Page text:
Lottery is a form of gambling in which people pay to have a chance to win a prize, usually money. The prize may be anything from a house to an automobile or to a large sum of cash. The lottery is usually run by a state or a private corporation, and the proceeds from ticket sales go into a pool that includes the prize money. The total value of the prizes is the amount remaining after expenses (such as profits for the promoters and costs of promotion) and taxes or other revenues have been deducted from the prize pool. Modern examples of the lottery include the allocation of military conscription quotas, commercial promotions in which property is given away by a random procedure, and the selection of jurors from lists of registered voters. The word lottery is also used colloquially to refer to an arrangement in which one or more prizes are allocated by a process that depends wholly on chance.

Lottery in the modern sense is first attested to be used in 15th-century Burgundy and Flanders in towns seeking to raise money to build town fortifications or aid the poor, although similar games had existed for centuries before. The earliest European public lotteries to award money prizes were the venturas, introduced in 1476 in the Italian city-state of Modena under the d’Este family.

The popularity of the lottery has been attributed to its appeal as a way to get rich fast, and it was popularized in the immediate post-World War II period as a means of raising revenue without imposing heavy taxes on working class and middle class citizens. The belief was that everyone would be willing to spend a small amount of money for the opportunity to win a substantial fortune, and that this arrangement was not in violation of the prohibition against evasion of taxation.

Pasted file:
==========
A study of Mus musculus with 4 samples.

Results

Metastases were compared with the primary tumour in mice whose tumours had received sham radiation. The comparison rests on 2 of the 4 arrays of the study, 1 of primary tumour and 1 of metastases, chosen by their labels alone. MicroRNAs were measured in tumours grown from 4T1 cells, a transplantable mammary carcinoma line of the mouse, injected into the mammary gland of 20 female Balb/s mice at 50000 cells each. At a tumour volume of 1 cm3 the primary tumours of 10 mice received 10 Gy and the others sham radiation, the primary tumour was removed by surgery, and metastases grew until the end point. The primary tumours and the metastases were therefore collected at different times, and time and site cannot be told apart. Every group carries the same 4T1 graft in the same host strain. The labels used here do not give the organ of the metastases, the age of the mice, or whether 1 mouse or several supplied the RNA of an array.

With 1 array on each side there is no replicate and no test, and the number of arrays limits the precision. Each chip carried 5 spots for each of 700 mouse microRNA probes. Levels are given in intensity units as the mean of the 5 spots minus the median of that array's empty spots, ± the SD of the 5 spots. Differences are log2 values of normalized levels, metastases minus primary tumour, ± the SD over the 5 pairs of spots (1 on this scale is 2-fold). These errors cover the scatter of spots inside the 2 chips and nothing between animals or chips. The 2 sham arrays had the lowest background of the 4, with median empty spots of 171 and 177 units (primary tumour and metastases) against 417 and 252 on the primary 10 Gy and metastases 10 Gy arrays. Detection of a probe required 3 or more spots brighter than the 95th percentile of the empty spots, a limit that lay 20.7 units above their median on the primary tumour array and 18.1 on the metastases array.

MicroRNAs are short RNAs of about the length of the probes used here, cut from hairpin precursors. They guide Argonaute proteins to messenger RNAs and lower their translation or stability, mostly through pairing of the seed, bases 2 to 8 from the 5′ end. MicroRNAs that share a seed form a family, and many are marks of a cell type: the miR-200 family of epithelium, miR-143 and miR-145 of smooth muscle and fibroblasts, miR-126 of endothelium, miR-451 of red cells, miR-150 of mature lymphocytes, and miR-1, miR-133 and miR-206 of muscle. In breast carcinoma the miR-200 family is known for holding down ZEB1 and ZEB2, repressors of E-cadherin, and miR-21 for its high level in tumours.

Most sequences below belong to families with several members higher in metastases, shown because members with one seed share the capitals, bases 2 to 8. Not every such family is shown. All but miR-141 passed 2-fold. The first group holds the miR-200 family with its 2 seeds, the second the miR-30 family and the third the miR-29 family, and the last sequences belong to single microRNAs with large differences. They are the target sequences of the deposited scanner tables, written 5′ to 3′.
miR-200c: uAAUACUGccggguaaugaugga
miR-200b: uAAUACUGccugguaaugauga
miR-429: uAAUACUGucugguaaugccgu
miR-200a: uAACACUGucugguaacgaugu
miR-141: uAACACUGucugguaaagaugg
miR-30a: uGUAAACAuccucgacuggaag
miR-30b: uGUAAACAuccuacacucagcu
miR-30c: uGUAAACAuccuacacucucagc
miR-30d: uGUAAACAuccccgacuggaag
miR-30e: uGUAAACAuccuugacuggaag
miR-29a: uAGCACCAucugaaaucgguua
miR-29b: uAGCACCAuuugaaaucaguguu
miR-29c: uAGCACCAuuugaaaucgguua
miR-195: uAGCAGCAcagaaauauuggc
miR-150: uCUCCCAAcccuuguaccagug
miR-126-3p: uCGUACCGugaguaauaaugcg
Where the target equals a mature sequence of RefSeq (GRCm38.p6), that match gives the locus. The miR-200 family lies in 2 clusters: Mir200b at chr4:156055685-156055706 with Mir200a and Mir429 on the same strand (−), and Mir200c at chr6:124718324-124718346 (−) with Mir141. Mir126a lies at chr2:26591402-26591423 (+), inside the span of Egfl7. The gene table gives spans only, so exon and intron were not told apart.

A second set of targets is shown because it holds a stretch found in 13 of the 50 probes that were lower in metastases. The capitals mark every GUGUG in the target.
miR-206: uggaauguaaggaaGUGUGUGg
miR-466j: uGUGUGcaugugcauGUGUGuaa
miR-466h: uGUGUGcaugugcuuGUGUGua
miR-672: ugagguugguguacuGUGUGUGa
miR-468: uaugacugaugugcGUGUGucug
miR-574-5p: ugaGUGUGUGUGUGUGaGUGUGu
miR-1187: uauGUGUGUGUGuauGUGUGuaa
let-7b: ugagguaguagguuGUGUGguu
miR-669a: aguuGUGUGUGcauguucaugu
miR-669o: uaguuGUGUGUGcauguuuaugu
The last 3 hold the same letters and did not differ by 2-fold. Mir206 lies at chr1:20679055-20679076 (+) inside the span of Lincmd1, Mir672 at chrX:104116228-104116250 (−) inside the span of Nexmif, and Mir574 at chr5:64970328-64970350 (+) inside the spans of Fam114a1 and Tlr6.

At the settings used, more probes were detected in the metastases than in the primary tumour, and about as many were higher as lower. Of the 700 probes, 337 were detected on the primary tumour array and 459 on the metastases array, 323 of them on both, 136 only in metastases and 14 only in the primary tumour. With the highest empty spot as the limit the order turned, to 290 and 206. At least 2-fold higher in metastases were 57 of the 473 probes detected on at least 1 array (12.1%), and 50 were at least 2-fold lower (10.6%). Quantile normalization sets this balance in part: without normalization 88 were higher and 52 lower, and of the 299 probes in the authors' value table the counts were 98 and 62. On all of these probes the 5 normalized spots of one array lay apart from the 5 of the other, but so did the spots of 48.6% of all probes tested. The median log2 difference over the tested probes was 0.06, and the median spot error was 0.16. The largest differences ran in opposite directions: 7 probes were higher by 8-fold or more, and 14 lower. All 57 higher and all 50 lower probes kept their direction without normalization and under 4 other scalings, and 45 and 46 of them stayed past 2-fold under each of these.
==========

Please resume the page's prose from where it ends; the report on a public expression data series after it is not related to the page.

People buy lottery tickets with the hope of winning the big jackpot, and many dream about what they will do with all that money. These people are often not aware that the chances of winning are very low, and that they are taking a risk with a substantial investment. But even those who are aware of the odds often play the lottery because they enjoy the thrill of being in a game with such high stakes, and because it can be a painless way to try to improve their lives.

Lottery is sometimes considered a “hidden tax.” The purchase of lottery tickets cannot be explained by decision models based on expected value maximization, as the purchase price is much higher than the expected prize. However, more general models incorporating risk-seeking behavior can account for lottery purchases. It is possible that the excitement of lottery playing can become addictive, and that people can be influenced to make irrational decisions if they are exposed to it frequently enough.